Westminster councillors fly in face of planning officers’ advice to approve redevelopment of 1930s landmark 

Eric Parry Architects’ proposals to add 230 new homes to Pimlico’s Dolphin Square development have been unanimously rejected by Westminster city council’s planning committee – flying in the face of advice from the authority’s planning officers.

The practice’s plans for the 1930s quadrangle development – long a favourite of MPs, peers, and society figures – would have seen the demolition of its northernmost block, Rodney House, for replacement with a new 10-storey building.

Proposals for the landmark also involved the addition of an extra storey to the remaining blocks, the creation of 16 new townhouses, and the reconfiguration of existing apartments to boost the number of overall units from 1,225 to 1,455 homes.

Dolphin Square - Eric Parry Architects - proposed view looking through Rodney House from Chichester St

Dolphin Square - Eric Parry Architects - proposed view looking through the rebuilt Rodney House from Chichester St

Planning officers accepted that there were “numerous and wide-reaching objections” to the scheme – not least form conservation group the Twentieth Century Society. But they insisted that Parry’s scheme, created for building owners Westbrook Partners, was acceptable.

However councillors disagreed, and took particular exception to the proposed increase in the number of serviced apartments at the development, which would have risen from 143 to 160 as part of the proposals. They also voiced concern about the disruption that the necessary construction work would have brought to the local area – a theme among objections lodged with the council.

Planning committee chair Gotz Mohindra said that despite officers’ advice, the scheme was at odds with core council objectives.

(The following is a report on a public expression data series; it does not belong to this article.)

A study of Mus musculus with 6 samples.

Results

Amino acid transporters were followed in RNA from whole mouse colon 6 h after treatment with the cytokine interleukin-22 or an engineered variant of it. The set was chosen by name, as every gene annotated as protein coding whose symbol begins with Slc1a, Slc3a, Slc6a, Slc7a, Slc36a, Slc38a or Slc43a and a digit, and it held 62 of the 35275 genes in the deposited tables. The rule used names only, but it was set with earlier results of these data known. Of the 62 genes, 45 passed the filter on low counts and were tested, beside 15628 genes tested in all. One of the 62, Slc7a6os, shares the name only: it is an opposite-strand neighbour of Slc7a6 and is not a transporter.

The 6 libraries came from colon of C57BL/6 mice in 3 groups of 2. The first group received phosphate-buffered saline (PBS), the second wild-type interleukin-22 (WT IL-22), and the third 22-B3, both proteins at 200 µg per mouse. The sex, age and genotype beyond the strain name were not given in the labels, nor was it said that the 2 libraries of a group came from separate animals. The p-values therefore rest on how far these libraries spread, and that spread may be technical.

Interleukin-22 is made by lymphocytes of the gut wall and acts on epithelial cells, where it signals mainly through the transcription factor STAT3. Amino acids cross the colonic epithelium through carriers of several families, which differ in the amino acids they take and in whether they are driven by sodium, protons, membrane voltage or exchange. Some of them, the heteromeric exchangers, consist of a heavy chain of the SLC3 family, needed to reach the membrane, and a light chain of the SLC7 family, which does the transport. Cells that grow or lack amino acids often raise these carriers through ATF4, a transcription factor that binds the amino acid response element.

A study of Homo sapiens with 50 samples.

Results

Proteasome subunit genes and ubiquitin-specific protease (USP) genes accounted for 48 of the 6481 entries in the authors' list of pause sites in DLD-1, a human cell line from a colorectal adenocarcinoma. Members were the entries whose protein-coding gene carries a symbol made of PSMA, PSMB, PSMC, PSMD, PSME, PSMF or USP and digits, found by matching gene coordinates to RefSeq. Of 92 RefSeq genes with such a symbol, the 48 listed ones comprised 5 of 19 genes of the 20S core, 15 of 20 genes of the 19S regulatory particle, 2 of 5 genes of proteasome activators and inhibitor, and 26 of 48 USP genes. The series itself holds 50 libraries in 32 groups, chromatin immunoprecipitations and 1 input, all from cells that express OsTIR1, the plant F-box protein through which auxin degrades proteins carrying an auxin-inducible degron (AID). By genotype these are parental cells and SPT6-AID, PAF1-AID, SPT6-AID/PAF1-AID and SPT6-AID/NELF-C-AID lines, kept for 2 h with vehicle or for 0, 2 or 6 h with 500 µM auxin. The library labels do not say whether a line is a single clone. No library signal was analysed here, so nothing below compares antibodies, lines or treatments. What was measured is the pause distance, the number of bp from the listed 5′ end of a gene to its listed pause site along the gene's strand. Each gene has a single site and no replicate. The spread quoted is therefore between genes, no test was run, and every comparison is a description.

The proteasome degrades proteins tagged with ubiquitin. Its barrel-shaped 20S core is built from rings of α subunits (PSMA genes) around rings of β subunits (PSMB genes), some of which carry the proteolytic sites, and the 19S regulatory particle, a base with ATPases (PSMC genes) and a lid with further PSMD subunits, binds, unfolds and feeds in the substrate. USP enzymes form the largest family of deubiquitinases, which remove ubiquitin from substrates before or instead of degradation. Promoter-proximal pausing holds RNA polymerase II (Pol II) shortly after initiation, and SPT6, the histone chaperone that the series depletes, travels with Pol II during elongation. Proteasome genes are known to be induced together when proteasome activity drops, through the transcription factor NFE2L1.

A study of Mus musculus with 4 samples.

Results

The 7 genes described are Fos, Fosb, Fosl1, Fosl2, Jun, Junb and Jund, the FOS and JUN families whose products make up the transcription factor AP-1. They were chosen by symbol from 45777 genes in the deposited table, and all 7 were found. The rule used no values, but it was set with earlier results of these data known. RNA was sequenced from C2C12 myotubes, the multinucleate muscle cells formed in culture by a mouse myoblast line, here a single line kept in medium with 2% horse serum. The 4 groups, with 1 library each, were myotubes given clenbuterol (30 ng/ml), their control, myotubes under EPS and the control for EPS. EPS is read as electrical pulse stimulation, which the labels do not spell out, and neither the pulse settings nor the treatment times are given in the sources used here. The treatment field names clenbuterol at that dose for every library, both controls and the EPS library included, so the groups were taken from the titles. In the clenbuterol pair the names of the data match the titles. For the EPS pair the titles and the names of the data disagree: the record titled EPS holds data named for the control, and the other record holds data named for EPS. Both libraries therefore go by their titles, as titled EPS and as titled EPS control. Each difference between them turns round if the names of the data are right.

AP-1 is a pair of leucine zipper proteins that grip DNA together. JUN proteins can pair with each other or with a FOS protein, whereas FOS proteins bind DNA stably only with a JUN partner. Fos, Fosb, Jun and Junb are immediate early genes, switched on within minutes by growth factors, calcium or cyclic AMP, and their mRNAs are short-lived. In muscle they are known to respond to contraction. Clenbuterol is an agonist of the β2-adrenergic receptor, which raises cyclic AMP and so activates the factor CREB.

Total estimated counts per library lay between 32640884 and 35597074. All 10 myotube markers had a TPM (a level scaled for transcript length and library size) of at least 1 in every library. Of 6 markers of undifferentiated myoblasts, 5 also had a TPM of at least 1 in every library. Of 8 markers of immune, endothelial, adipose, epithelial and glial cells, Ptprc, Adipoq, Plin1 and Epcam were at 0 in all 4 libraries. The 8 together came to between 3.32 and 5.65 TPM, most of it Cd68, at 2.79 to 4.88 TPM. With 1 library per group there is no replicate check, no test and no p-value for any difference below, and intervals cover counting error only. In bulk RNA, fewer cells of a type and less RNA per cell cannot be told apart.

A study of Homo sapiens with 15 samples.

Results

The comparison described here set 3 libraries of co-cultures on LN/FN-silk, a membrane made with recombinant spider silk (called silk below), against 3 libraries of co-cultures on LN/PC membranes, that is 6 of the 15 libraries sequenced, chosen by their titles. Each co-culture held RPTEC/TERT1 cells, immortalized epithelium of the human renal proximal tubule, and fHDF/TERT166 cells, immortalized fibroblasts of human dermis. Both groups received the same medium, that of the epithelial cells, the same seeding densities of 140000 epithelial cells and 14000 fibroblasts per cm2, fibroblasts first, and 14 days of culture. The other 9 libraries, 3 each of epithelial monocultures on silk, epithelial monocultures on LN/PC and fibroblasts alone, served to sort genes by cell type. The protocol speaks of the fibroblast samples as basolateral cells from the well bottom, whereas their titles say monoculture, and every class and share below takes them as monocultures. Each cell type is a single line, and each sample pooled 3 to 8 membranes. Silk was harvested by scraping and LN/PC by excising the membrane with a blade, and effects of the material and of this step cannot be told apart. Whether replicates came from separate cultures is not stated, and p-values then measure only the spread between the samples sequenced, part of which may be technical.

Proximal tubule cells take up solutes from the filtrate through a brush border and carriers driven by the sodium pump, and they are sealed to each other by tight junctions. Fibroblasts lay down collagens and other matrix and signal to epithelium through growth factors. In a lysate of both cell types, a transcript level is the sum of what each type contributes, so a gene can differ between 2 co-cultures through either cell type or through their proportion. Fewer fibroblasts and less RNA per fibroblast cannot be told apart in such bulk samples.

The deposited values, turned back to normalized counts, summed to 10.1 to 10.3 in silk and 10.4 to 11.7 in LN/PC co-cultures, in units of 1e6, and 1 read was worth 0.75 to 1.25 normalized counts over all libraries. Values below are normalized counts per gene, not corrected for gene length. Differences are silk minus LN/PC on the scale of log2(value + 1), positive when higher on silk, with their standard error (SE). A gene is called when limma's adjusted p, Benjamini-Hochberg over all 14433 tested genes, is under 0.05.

“Dolphin Square clearly needs refurbishment but this scheme provides too much temporary lettable accommodation at the expense of permanent housing, especially for families, or wider public benefit to justify the harm that the extensive works would do to the conservation area,” he said.

“The increase in short term let properties, which the council and residents fiercely oppose, left us with little choice but to refuse the application.”

Eric Parry declined to comment on the committee decision. However the thrust of the committee’s reasoning suggests an amended version with a higher number of permanent homes would be acceptable to councillors.

Historic picture Dolphin Square

Historic picture Dolphin Square

Dolphin Square was designed by Gordon Jeeves and completed in 1938. Despite being acknowledged as a groundbreaking building and forming the centrepiece of the Dolphin Square Conservation Area, it has been rejected for listing on three occasions and currently has immunity from listing for the next four years.

The C20 Society has been a vocal critic of the Parry proposals, arguing that they will “irrevocably damage” the heritage significance of a pioneering development “without any corresponding public benefit”. It was joined by Dolphin Square Preservation Society and the Blue Dolphin Tenants Association in opposing the plans.

C20 Society head of casework Clare Price said the planning committee’s decision was testament to campaigners’ efforts and warned that any future redevelopment proposals would meet similarly stiff opposition.

“Conservation areas are really important and they need to be respected,” she said.

“This scheme effectively involved the demolition of 20% of the conservation area, the focus of which was all built at the same time.

“Dolphin Square is one of the great buildings of the period and it should be afforded the respect it deserves.”

Eric Parry Architects - Dolphin Square - garden view showing extra storey

Eric Parry Architects - Dolphin Square - garden view showing extra storey

Westbrook bought Dolphin Square a decade ago and said it picked Parry because of the practice’s “considered, artistic approach to creating beautiful buildings in sensitive historic environments”.

It singled out as examples the restoration of St Martin-in-the-Fields in Trafalgar Square and the extension to Bath’s Holburne Museum of Art.